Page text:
Trio of councillors want to protect essential services while budget cutting

Three fiscally conservative city councillors say they have no appetite for any property tax increases in Calgary next year.

Magliocca, Farkas and Chu aim to reduce taxes by spending less at city hall

From left: Councillors Joe Magliocca, Jeromy Farkas and Sean Chu are putting forward a motion for $50 million in additional spending cuts at city hall. (Mike Symington/CBC)

Three fiscally conservative city councillors say they have no appetite for any property tax increases in Calgary next year.

As city council prepares for its annual budget debate next week, councillors Sean Chu, Jeromy Farkas and Joe Magliocca are putting forward a motion for $50 million in additional spending cuts at city hall.

That would be on top of tens of millions of dollars in reductions that council will weigh during the budget debate.

A tax freeze would result in the reduction of 236 city jobs, an $8.45 million cut in the police budget, deferring a new fire hall, less money for civic partners like the zoo and Heritage Park, as well as delays in new transit service.

The three councillors say they want to protect essential services like police, fire and transportation.

Instead, they want to cut five per cent of spending in all other city departments to head off any tax increase for 2020.

More savings

Magliocca said he and his colleagues have pored through the budget and believe that after years of spending reductions at city hall, more savings can be found.

"From cemeteries all the way to parks to staplers and paper clips, all the way through all the departments," said Magliocca.

"We found where we can reduce five per cent in the communications, from planning and so on, et cetera, et cetera."

When asked by reporters about what could be specifically cut, he said city council shouldn't micromanage.

"It's administration's job and the bureaucrats to figure that out."

Farkas said steps have to be taken to halt a tax increase next year.

"Obviously, council's pushed against the wall," said Farkas.

Pressure is on

There's extra pressure on council during this budget debate. Millions of dollars in provincial budget changes have affected the city's spending plan.

As well, the province increased its requisition of education property taxes.

Council does not have any cash on hand for a fourth straight year of rebates to help business property owners cope with a shift of the tax burden from downtown to areas outside the core. 

Instead, council is weighing the idea of shifting some of the non-residential tax burden to homeowners in order to avert major tax hikes for suburban business properties.

Add it all up and it means that even if council approves a tax freeze for 2020 and cuts spending, homeowners could end up paying higher taxes.

That's why some council members are looking for savings beyond what administration is proposing.
"We have to take a look at implementing reductions. Even in a zero per cent scenario, if we go ahead with the tax shift, the typical homeowner is looking at at least a six or seven per cent tax increase."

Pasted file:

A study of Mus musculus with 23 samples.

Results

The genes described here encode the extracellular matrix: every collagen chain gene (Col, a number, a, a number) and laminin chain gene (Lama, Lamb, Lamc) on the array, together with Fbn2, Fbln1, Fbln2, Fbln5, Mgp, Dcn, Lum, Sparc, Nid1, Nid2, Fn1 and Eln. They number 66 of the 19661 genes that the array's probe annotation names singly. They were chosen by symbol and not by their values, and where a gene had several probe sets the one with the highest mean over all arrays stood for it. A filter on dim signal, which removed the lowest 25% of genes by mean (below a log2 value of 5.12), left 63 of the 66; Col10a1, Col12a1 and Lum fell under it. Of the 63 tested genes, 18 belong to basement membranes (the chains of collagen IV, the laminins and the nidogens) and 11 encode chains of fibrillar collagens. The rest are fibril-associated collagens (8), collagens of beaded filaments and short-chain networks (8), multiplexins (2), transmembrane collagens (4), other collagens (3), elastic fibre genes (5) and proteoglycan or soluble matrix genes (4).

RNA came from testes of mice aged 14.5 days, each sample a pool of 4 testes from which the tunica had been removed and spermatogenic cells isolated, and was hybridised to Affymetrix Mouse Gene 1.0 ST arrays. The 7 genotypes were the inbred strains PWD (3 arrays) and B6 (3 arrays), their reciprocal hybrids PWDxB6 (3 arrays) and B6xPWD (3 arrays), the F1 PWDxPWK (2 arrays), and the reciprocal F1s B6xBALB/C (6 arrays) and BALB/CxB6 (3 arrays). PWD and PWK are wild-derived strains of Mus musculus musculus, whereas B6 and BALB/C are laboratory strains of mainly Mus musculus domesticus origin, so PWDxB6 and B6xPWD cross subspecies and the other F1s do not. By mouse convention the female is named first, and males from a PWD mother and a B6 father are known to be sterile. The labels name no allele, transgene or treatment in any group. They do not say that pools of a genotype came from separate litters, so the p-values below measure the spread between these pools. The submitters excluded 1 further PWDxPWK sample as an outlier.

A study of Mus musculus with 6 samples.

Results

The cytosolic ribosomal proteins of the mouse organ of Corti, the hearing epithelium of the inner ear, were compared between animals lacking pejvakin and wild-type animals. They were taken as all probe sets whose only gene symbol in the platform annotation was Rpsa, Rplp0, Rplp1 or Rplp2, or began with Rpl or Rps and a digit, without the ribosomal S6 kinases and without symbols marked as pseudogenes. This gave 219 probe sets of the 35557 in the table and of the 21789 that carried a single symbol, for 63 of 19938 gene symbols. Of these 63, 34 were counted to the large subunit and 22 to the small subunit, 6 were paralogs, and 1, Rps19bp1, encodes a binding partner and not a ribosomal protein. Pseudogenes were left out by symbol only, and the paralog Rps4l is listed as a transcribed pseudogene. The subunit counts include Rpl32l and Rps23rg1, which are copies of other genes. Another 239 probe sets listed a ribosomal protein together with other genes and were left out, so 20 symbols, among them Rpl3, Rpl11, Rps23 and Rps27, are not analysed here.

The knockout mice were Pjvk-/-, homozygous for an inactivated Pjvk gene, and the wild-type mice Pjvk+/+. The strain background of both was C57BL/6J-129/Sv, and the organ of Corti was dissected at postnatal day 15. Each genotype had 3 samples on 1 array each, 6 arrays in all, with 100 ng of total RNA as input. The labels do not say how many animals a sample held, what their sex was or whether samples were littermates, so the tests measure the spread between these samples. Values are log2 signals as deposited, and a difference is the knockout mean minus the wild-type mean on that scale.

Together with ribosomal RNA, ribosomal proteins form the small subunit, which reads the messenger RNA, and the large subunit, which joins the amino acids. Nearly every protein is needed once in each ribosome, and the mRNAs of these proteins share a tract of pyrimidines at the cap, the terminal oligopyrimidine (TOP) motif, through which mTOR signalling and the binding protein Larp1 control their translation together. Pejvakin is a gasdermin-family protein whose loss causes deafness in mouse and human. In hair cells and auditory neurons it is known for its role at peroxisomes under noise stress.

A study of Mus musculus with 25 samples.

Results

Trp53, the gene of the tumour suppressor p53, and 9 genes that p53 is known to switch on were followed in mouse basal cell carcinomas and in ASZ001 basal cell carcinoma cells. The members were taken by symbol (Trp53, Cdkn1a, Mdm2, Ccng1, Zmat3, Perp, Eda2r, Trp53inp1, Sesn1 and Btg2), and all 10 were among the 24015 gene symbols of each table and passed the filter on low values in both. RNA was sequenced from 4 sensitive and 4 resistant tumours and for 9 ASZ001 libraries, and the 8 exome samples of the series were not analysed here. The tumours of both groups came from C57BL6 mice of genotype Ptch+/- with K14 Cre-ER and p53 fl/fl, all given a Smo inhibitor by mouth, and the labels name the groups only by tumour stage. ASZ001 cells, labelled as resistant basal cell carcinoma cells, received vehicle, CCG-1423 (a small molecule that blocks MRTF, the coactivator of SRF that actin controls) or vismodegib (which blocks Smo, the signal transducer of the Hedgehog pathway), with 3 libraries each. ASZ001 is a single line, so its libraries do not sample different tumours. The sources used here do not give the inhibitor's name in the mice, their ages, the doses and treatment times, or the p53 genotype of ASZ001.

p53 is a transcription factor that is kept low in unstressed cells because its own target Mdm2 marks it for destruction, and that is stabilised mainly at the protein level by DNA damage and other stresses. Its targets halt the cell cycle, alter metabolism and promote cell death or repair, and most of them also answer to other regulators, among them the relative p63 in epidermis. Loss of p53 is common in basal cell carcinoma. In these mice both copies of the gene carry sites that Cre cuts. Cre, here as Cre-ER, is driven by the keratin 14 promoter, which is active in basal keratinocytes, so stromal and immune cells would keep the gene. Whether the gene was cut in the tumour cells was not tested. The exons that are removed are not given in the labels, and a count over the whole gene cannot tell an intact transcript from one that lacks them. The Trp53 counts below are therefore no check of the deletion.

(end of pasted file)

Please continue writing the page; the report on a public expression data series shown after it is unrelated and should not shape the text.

In past years, there have been budget week proposals for across the board cuts and they have been shot down because of the potential adverse effect to city services for little impact to tax bills.

Not everyone likes idea

The reaction to this latest call for cuts is not being welcomed by other members of council.

"This is pure political gamesmanship and is a complete financial fairy tale," said Coun. Evan Woolley.

He points out that police, fire and transportation make up about three quarters of the city's entire budget. 

So he said to go looking for big savings in other remaining departments will not likely find much success. 

"Cutting five per cent out of 25 per cent [of the budget] is very incremental and will not help us solve the problem, both of our non-residential to residential tax shift or any other."  

Coun. Evan Woolley called changes proposed by councillors Sean Chu, Jeromy Farkas and Joe Magliocca "pure political gamesmanship." (Mike Symington/CBC)

He predicts going ahead with this proposal would result in deep service cuts in the affected departments including water services, waste and recycling, parks and snow clearing.

"If they (Calgarians) don't think that those things are important, then they should reach out and support this," said Woolley. 

"But my constituents have told me that these things are very, very important to them."

Keating calls it 'ludicrous'

Coun. Shane Keating summarizes his colleagues' proposal as unrealistic.

"It's just ludicrous. That's all I can say," said Keating.

"I would say in many cases, you're talking about across the board slashing of many services without evaluation, without determination of these are the things that the residents want to see and not see."

Keating also accused Farkas of a double standard because he wants to cancel the proposed closure of the Inglewood pool for cost-cutting reasons.

"We have some of those same councillors who are proposing this [fighting] to keep a pool that's losing money constantly open," said Keating.

He likened it to the councillors wanting city spending to continue where they want, but taking a hands-off attitude when it comes to things they don't care about.

Council's budget debate will get underway next Monday with a public hearing on the proposed adjustments to the second year of the city's four year spending plan.